White Self-Interest is Not the Same Thing as Racism

In the Financial Times, David Goodhart has an op-ed titled “White self-interest is not the same thing as racism

… Modern liberals tend to believe that preference for your own ethnic group or even your own nation is a form of racism. Conservatives regard it as common sense and resent being labelled as racist…

The challenge here is to distinguish between white racism and white identity politics, or what Muslim-American writer Shadi Hamid terms white “racial self-interest”. The latter may be clannish and insular, but it is not the same as irrational hatred, fear or contempt for another group — the normal definition of racism.

Goodhart links to this new, 63-page study by Eric Kaufmann is Professor of Politics at Birkbeck College, University of London (“‘Racial Self-Interest’ Is Not Racism: Ethno-demographic interests and the immigration debate”), the Executive Summary of which reads:

The growing success of right-wing populism in the West feeds off those who dislike ethnic change, alienating them from those who embrace it. Previous research, and Trump’s deployment of ‘political correctness’ as a red   flag for conservative voters, suggests accusations of racism levelled at anti-immigration parties and voters contributes to conservatives’ mistrust of elites. Shadi Hamid of the Brookings Institution is an influential Muslim-American writer who argues that it is important to distinguish racism and racial self-interest, and that Trump supporters, who voted in a racially self-interested way to limit immigration, should not be accused of racism. David Goodhart adds that the term racism has been subject to mission creep such that those in public debate cannot draw a distinction between group partiality and a racism based on the fear, hatred or disparagement of outgroups. In his words, ‘we need to distinguish more clearly between the greater comfort people often feel among familiar people and places and active hostility towards outsider ethnic groups.’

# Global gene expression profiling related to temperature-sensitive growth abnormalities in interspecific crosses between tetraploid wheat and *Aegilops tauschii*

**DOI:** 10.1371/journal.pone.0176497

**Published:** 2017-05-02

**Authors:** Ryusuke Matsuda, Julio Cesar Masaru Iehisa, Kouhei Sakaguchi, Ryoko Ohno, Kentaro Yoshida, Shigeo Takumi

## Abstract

Using survey and qualitative data, this work shows that a majority of American and British people of all races believe that when the white majority seeks lower immigration to help maintain their population share, this is racially self-interested rather than racist behaviour. This distinction is important because racism is a taboo, whereas ethnic self-interest, like individual self-interest, is viewed as a normal. It doesn’t pack the same emotive punch and thus is more likely to provoke debate than division.

The racism/racial self-interest distinction matters. White conservatives whose immigration stance is influenced by a desire to slow decline in their group’s share of the population rather than due to an irrational fear of  outgroups, feel accused of racism. This breeds resentment. My research on Trump, Clinton, Brexit and Remain voters shows that white liberals are especially likely to level the racism charge at whites who desire fewer immigrants to maintain their group’s demographic position. Meanwhile, too many white conservatives accuse minorities who want more of ‘their own’ to immigrate of being racist. However, when presented with questions about both whites and minorities wanting to adjust immigration policies in their favour, and when asked to justify their pattern of responses, both liberals and conservatives converge toward bipartisanship. Here, perhaps, is common ground that can bring the two sides together.